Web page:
PARIS Lance Armstrong is already one of the greats of the Tour de France, a member of a select group to have won cycling's premier race four times.
The question now: How close will he get to being the greatest?
The Texan is aiming for his fifth consecutive victory when this year's Tour begins July 5. The feat would match a record held by only one man, Spain's Miguel Indurain, who won in 1991-95.
Three other racers have won five Tours, but none of them consecutively, and a victory this year would put the 31-year-old U.S. Postal rider in line for an unprecedented sixth win.
While the punishing three-week race is never easy, Armstrong won last year's Tour with a comfortable lead of more than 7 minutes, and even he is suggesting he wouldn't mind a little more competition.
''The Tour de France could be a lot closer,'' he said earlier this month during the Dauphine Libere race, which he later won. ''That's more exciting, which is fine by me.''
But Armstrong's enduring strength, his single-minded focus on the Tour and the lack of obvious challengers mean he remains the favorite to win again this year.
''There's a lot of talent out there, but nobody trains for the Tour like Armstrong,'' said Graeme Fife, author of ''Tour de France: The History, the Legend, the Riders.''
There are, however, a few factors that could complicate Armstrong's quest this year.
One is age. While racers have won the Tour well into their 30s, all of the five-time winners made their final successful bids before their 32nd birthdays and two of them before they were 30.
Armstrong, who overcame testicular cancer to win his first Tour in 1999, is no stranger to adversity. While acknowledging that he's getting older, Armstrong insists he's still in top form.
He has not had a stellar season so far this year, however. He finished 20th at the Liege-Bastogne-Liege classic in Belgium at the end of April, and then didn't race until the Dauphine Libere, which ended June 15.
He also toppled from his bicycle during the Dauphine Libere. While he continued and won the race, the fall still shook him up.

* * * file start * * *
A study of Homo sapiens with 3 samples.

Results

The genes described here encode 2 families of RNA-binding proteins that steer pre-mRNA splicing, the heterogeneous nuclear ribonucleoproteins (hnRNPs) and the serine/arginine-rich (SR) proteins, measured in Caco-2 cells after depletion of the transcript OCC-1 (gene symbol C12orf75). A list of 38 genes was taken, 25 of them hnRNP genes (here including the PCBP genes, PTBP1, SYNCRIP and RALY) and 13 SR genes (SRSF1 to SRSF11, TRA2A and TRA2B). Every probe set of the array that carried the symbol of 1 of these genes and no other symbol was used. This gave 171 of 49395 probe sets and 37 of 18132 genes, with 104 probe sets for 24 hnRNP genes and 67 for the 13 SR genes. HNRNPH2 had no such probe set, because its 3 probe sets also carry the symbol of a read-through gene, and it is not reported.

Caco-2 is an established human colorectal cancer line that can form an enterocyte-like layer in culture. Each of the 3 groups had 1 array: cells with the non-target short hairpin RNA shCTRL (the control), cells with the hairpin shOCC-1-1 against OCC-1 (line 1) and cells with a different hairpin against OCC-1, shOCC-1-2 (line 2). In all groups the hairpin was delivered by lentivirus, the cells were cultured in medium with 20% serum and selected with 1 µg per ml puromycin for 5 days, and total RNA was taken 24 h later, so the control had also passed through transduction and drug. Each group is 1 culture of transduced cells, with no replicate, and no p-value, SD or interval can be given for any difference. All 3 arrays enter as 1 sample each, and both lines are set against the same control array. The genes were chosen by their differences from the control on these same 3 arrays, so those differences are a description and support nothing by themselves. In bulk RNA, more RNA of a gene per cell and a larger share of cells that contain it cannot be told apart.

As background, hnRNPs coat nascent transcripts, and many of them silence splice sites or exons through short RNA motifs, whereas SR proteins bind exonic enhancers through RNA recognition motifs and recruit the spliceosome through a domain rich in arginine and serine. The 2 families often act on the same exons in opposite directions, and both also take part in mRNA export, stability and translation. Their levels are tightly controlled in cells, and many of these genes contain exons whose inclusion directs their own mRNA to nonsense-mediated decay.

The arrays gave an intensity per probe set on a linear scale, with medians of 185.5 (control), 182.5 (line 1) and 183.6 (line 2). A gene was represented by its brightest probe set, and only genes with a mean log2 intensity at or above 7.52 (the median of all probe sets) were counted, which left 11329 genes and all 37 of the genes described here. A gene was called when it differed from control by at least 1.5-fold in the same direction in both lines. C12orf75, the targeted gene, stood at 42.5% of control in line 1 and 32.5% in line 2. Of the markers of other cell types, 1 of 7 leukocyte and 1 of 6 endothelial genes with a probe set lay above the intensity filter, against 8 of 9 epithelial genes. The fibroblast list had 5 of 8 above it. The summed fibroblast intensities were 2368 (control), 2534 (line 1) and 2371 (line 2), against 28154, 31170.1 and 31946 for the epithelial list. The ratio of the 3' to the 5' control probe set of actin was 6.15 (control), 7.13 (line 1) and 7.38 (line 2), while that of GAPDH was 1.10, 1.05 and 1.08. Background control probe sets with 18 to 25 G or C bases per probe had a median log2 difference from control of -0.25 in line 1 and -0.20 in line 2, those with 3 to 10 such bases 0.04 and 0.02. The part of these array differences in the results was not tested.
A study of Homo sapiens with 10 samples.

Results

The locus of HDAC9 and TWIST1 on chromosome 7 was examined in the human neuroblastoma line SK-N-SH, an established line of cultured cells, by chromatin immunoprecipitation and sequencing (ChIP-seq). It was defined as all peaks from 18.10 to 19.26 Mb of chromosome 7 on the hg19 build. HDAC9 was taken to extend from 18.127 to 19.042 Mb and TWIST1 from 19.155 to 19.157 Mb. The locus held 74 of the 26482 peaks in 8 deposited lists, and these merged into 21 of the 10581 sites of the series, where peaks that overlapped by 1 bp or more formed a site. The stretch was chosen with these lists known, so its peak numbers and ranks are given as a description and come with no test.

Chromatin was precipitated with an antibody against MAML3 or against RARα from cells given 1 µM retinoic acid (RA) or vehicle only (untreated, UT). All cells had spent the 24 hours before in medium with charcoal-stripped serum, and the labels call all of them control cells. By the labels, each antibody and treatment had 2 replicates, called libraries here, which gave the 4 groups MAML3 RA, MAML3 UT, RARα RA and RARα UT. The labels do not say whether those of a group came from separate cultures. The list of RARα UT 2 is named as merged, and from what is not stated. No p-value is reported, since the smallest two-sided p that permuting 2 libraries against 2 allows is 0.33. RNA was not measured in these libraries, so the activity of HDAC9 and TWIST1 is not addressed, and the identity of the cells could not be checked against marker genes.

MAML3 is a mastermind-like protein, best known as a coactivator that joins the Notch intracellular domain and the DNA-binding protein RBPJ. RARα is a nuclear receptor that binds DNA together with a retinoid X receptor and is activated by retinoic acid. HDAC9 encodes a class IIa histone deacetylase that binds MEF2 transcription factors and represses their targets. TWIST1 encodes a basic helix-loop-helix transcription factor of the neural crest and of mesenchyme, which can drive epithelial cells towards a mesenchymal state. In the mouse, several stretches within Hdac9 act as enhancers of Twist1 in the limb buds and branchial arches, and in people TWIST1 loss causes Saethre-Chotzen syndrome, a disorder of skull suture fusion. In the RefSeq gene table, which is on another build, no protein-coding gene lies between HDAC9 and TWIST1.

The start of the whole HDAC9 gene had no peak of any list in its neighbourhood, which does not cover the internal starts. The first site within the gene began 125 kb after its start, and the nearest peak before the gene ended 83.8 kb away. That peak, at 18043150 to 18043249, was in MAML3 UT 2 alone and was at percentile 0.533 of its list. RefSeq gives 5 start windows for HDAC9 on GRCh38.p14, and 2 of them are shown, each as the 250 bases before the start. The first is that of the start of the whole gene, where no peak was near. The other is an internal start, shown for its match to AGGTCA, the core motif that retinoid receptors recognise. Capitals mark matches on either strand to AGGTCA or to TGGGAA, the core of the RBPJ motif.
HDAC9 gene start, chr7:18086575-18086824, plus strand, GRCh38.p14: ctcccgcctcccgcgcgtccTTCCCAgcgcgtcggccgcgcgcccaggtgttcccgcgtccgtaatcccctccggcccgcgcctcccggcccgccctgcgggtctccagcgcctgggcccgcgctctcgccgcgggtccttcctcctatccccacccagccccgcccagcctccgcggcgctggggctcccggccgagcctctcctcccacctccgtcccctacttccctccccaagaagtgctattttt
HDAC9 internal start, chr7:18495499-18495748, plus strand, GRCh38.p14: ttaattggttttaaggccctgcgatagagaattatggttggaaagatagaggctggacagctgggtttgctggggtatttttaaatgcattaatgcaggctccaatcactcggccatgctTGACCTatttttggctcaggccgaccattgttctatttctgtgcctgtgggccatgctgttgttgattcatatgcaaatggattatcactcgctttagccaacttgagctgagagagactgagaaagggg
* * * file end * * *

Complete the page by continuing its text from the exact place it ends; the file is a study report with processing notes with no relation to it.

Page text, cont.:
''First, I have to recover from my fall last week,'' Armstrong was quoted as telling the French newspaper 20 Minutes. ''I've never had an accident like that.''
This year's contest also marks the return of German cyclist Jan Ullrich, who won the Tour in 1997. He's coming back from nearly two years of injuries and a drug ban.
It's not clear whether Ullrich will be at the height of his powers after the long absence. But Armstrong sees him as a serious challenge.
''Ullrich looks in better shape than he's ever been, he's still one of the biggest engines in cycling, and he has that key factor because he knows he can win it,'' Armstrong said.
Armstrong has also listed as potential Tour rivals Spanish cyclist Iban Mayo, the runner-up at Dauphine Libere, and up-and-coming racer Tyler Hamilton, of Marblehead, Mass., a former U.S. Postal teammate who rides for Danish CSC Tiscali.
The 32-year-old Hamilton won the Liege-Bastogne-Liege on April 27 and Switzerland's Tour of Romandie in early May.
''Tyler's a threat, we know that. If you had to name 10 people, he's on the list,'' Armstrong said. ''He climbs well, he time-trials well.
"He has made a lot of progress over the years. I would say he is now a complete rider.''
Another rival is Italian climbing specialist Gilberto Simoni, who has spoken of his plans to challenge the American in the mountains.
Simoni was excluded from the Tour last year after testing positive for cocaine metabolites. He was later cleared by the Italian cycling federation and won this year's Giro d'Italia.
This year's route might not be optimal for Armstrong. While it has one more mountain stretch than last year seven there will be fewer of the leg-crushing uphill finishes that he thrives on.
Last year's race featured five mountain stages that ended in grueling climbs all conquered by Armstrong in surges that left competitors gasping for air.
Still, Armstrong's opponents don't see much evidence that he will race any differently than he has in the last four Tours meaning they have a monumental task ahead of them.
''I'm sure he's going to be very strong. It's not easy to get the victory from him,'' said Bjarne Riis, the winner of the 1996 Tour and now Hamilton's manager. ''But you never know what can happen he can be sick, he can crash, have a bad day like anybody else.''
Associated Press writer Jerome Pugmire in Paris also contributed to this story.